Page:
Film Review: Miles Ahead

More familiar to cinema-goers from his appearances alongside Robert Downey Junior in Iron Man or George Clooney in Ocean’s Eleven, Twelve and Thirteen, Don Cheadle is seriously multi-talented in his own right. He’s the director, producer, writer and star of Miles Ahead, a project that’s taken him the best part of ten years to get onto the big screen. His labour of love has just arrived in cinemas, certificate 15, so London Mums’ resident film critic, Freda Cooper, went along to see if it hits the right note.



The story

Cheadle’s bio-pic of jazz musician Miles Davis concentrates on a handful of years in the 1970s when the trumpeter disappeared from public view. With a string of albums behind him, and legions of fans clamouring for more, he hit a creative block and had to simply wait until the inspiration returned. Inevitably his new reclusive lifestyle raised questions, hence the arrival of Rolling Stone journalist Dave Braden (Ewan McGregor) on his doorstep to uncover the story. But instead of getting the interview he’s hoping for, he becomes embroiled in Davis’ manic attempts to recover a stolen music tape from his record company.


The trailer



Davis was probably one of the most talented jazz musicians ever and Cheadle has given him a tailor-made bio-pic to suit his personality – creative, unpredictable, energetic and intelligent. That storyline about the stolen music tape is the string that loosely holds the film together, as it ricochets backwards and forwards in time to give us the story of his life and music – well, most of it. Some of the connections are inventive and impressively smooth: Davis opens a lift door to walk out onto a stage 20 years ago at the start of his career. So, yes, it’s a bio-pic but it’s also more of a riff on the genre and a riff on Davis himself.

Reality is mixed with creative license throughout and it needs a diehard Miles Davis fan to separate fact from fiction. Yet that blurring of the edges is also a tribute to Cheadle’s skill as a storyteller: you genuinely can’t see the join. There are, however, times when some scenes don’t appear to make sense and that’s all to do with the to-ing and fro-ing. Stick with it, though, because all the loose ends do get tied up, even if some take longer than others.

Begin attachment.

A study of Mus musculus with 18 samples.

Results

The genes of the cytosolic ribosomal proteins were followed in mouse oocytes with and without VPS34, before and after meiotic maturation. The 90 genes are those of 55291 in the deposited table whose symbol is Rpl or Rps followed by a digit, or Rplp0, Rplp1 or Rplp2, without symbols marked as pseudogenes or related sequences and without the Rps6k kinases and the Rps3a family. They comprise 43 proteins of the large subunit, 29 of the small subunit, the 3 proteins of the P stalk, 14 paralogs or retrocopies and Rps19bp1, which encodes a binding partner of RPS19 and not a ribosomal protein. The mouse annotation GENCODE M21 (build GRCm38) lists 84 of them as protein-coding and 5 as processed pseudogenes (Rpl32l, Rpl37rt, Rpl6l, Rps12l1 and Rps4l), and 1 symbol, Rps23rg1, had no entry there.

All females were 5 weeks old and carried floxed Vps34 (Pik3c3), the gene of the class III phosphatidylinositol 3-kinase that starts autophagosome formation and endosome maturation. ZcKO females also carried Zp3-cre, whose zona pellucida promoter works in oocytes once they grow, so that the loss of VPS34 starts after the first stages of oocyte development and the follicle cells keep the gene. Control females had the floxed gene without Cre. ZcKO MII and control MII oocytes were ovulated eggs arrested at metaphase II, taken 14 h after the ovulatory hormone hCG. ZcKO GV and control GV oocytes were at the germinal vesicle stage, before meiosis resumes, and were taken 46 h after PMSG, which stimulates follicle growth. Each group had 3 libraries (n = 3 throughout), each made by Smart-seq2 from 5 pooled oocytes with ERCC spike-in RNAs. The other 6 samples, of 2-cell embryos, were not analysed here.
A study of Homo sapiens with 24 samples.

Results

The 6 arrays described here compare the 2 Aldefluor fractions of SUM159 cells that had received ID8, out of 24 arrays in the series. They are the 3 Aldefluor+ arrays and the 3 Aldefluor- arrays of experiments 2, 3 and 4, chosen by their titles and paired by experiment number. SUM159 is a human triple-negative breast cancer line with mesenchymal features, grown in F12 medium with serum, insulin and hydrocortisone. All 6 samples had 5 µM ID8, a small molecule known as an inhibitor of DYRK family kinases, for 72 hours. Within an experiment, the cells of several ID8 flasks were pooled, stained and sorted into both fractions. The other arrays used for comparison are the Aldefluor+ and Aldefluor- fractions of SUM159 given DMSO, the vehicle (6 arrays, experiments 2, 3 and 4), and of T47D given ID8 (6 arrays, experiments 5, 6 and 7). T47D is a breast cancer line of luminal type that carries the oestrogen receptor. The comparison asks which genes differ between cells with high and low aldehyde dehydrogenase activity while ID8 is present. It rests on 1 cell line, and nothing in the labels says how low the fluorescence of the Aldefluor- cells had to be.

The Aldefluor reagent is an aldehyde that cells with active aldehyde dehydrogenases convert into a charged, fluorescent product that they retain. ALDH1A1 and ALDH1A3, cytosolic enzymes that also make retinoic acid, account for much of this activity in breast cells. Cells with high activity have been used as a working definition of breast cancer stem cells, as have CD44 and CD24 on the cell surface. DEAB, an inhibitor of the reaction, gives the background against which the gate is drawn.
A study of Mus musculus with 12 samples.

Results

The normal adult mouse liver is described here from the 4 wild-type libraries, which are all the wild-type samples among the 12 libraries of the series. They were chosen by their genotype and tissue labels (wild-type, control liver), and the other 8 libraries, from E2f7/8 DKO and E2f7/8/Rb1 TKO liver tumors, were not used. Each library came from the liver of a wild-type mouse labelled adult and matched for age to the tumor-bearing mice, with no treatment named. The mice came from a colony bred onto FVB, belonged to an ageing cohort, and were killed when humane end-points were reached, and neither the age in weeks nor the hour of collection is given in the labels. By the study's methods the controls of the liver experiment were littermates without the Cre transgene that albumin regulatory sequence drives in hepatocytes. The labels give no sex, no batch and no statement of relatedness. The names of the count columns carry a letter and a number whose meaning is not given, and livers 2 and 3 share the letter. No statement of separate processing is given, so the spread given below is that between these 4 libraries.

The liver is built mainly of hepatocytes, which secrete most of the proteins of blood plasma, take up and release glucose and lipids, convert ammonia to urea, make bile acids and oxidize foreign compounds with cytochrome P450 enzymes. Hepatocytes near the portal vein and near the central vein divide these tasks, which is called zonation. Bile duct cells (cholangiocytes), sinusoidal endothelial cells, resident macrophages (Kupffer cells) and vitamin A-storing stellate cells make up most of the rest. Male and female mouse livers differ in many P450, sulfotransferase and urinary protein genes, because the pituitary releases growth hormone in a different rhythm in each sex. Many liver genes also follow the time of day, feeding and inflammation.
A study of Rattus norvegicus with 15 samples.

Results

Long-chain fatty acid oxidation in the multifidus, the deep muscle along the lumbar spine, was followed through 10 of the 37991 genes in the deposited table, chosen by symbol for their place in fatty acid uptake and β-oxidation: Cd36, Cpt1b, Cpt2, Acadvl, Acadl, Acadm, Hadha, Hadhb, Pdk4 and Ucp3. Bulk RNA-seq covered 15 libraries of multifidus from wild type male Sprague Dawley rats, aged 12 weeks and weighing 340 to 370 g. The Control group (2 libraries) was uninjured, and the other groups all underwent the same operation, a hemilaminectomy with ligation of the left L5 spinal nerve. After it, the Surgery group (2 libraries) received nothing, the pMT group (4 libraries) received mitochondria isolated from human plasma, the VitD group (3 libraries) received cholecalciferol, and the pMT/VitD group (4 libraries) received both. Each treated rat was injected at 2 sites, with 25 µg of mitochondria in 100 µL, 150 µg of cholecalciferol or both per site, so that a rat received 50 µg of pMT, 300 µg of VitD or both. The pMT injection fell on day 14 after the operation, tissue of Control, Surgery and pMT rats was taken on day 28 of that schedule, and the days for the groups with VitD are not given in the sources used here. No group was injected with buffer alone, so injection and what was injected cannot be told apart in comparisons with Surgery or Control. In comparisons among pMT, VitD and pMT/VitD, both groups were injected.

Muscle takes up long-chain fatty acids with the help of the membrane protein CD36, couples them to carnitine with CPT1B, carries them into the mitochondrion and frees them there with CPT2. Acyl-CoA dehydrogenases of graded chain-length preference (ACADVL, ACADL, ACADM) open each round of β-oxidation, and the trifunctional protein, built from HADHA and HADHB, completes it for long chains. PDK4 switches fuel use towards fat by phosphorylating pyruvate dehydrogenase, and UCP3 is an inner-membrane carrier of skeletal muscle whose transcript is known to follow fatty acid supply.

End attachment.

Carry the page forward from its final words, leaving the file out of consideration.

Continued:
The film’s most quotable line also happens to be the one that sums it up perfectly. “If you’re gonna tell a story, come with some attitude,” Davis tells Braden. That’s what Cheadle the director has set out to do, and he’s largely succeeded with a combination of pace, an element of mystery and plenty of imagination. As an actor, this is the best thing he’s ever done. He’s got the rasping voice, almost a hoarse whisper, an ill-disguised contempt for just about everybody else and an obsession with music. It’s a performance that dominates the film and the only one who comes close to him is Emayatzy Corinealdi as Frances, his wife, who gives up her career as a dancer for him but, ultimately, can’t cope with his erratic and sometimes violent behaviour. And her memory keeps coming back to haunt him.



Mums’ rating: 7/10

Miles Ahead is made with love and respect and plenty of that attitude. It may not always hit the right note every single time – Davis probably wouldn’t have wanted it to – but it is effective in showing the chaos that was his life and his mind. And lovers of his music can simply wallow.


Miles Ahead is in cinemas now and was reviewed on Talking Pictures on 21 April 2016.